Posted July 18, 2017
Last modified August 1, 2017
On one of the last days of June, I met up with my friend and neighbor, Cindy Thomas, at the Sand Beach on Islesford. We get together all year long for a brief monthly dip from this beach, but on this particular day we were gathering for a more seasonal ritual; spending some time at the beach.
“Think it’s a beach day?”
“I can’t today, but definitely tomorrow.”
“When is high tide? How are the bugs?”
“I have some work to do but I’ll be down later around 3.”
Words transmitted among several of us as we fly by on bikes, or in golf carts, or just make a brief call to check in. For us, it just wouldn’t be an island summer without spending some time at the beach.
There is something so good about sitting on the Islesford Sand Beach in July and August. One can take a dip if it gets too hot, watch the constant comings and goings at the town dock and in the harbor, enjoy seeing combinations of children who are reacquainting their friendships after ten months apart, and just take a few moments to slow down and catch up with each other.
I asked Cindy if she remembered her first time coming to Islesford.
“Of course. I was 15 years old and we were renting Malcolm Sawtelle’s house.” Cindy had grown up outside of Philadelphia and was used to spending summers at her grandmother’s place on the Canadian side of the St. Lawrence River.
“I’d never seen anything like Northeast Harbor before. Such a small town, with all wooden buildings. I was used to bricks and cement. Everything was socked-in with fog. We had the house for a month, but we couldn’t see the view for the first 3 weeks.”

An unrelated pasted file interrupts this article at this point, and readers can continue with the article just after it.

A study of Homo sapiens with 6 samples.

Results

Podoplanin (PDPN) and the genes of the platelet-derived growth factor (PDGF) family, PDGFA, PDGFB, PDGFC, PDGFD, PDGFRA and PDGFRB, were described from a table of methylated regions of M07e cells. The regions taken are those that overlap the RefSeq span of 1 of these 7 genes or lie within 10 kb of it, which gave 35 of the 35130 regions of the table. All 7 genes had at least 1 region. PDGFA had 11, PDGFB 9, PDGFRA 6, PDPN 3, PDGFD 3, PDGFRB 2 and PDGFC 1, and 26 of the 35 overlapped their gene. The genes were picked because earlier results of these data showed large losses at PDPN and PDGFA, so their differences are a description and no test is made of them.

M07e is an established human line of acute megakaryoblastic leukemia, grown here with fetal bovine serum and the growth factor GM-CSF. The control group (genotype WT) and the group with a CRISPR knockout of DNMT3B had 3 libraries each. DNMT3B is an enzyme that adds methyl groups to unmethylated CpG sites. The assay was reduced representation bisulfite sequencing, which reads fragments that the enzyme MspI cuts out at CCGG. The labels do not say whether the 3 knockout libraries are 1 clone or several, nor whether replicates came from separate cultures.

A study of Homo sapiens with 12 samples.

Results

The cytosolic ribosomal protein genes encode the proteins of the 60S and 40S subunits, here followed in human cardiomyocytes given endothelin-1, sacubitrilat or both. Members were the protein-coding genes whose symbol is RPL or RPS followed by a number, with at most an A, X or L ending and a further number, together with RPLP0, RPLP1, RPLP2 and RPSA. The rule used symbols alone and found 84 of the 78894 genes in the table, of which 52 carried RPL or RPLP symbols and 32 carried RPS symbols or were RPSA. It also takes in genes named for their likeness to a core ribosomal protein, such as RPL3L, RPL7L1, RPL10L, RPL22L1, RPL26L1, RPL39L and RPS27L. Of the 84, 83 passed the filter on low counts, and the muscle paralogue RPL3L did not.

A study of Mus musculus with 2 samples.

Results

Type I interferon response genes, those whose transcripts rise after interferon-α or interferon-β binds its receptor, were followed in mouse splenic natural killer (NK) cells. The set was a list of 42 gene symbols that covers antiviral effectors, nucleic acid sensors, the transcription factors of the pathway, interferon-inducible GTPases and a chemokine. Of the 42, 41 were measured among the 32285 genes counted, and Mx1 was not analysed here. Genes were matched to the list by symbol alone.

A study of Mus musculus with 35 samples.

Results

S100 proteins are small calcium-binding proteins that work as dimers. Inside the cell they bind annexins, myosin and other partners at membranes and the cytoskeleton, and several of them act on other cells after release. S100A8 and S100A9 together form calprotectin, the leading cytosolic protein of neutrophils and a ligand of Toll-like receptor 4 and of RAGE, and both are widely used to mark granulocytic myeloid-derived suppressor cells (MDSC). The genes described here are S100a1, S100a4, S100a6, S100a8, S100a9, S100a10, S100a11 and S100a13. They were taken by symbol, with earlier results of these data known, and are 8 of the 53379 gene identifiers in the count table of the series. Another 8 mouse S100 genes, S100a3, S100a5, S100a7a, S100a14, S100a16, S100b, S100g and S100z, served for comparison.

Her family was shocked to wake up that last week to a glorious sunny day with stunning views of Sutton and Mount Desert islands. “We had thought we were on an island miles and miles out to sea. What a surprise!”
Cindy said from the first moment she loved it here, even in the fog. It was so very different from anywhere she had been before. It’s a feeling most people share after their first magical experience of summer in the Cranberry Isles.
My family’s tradition of coming to Islesford dates back to the early 1900s. I grew up hearing stories from my father about his own childhood on the island in summer, arriving in Seal Harbor aboard the steamship, J T Morse.
One of the stand-out memories from my own Islesford childhood was the excitement of being here in late June, when a bi-plane made its annual sweep over the islands to spray DDT. I have mosquito-free memories of sitting on the front porch after spectacular sunsets, watching lights of boats on the water and car headlights as they climbed the winding road to the top of Cadillac Mountain in the near distance. The sound of the bell buoy at night, through an open window, will still remind me of my childhood summers until the adult in me starts to wonder who is out late.
The sweet smell of heliotrope and sun-warmed spruce needles evoke my first understandings of love for a place. I would dream of walking down the rooted grassy path to our house, the ocean and mountains visible through the trees, taking in the smells I had missed. I learned what it meant to yearn for something at a very young age.
I wished I could stay longer every summer, imagining a day I might live on the island year-round. Cindy and I and several others found a way to make our childhood dreams come true, unaware there was a loss that came with that. We forfeited that moment of ten months of longing fulfilled. It took a few years to notice what we had lost, so novel and wonderful it was to be here in the “off season” for good. Now when we step off the boat onto the island, we are less apt to be thinking about magic and more apt to be planning for dinner and wondering how the fishing was today for our husbands, how it could affect their moods.
Not to worry. We found our replacement. The summer beach afternoon promotes longing in winter and restores our souls in summer. Whenever I step from the path among wild roses onto the Sand Beach, I can feel everything in me relax and rejoice. It really is quite magical.
Barbara Fernald lives on Islesford (Little Cranberry Island) where she makes jewelry and writes.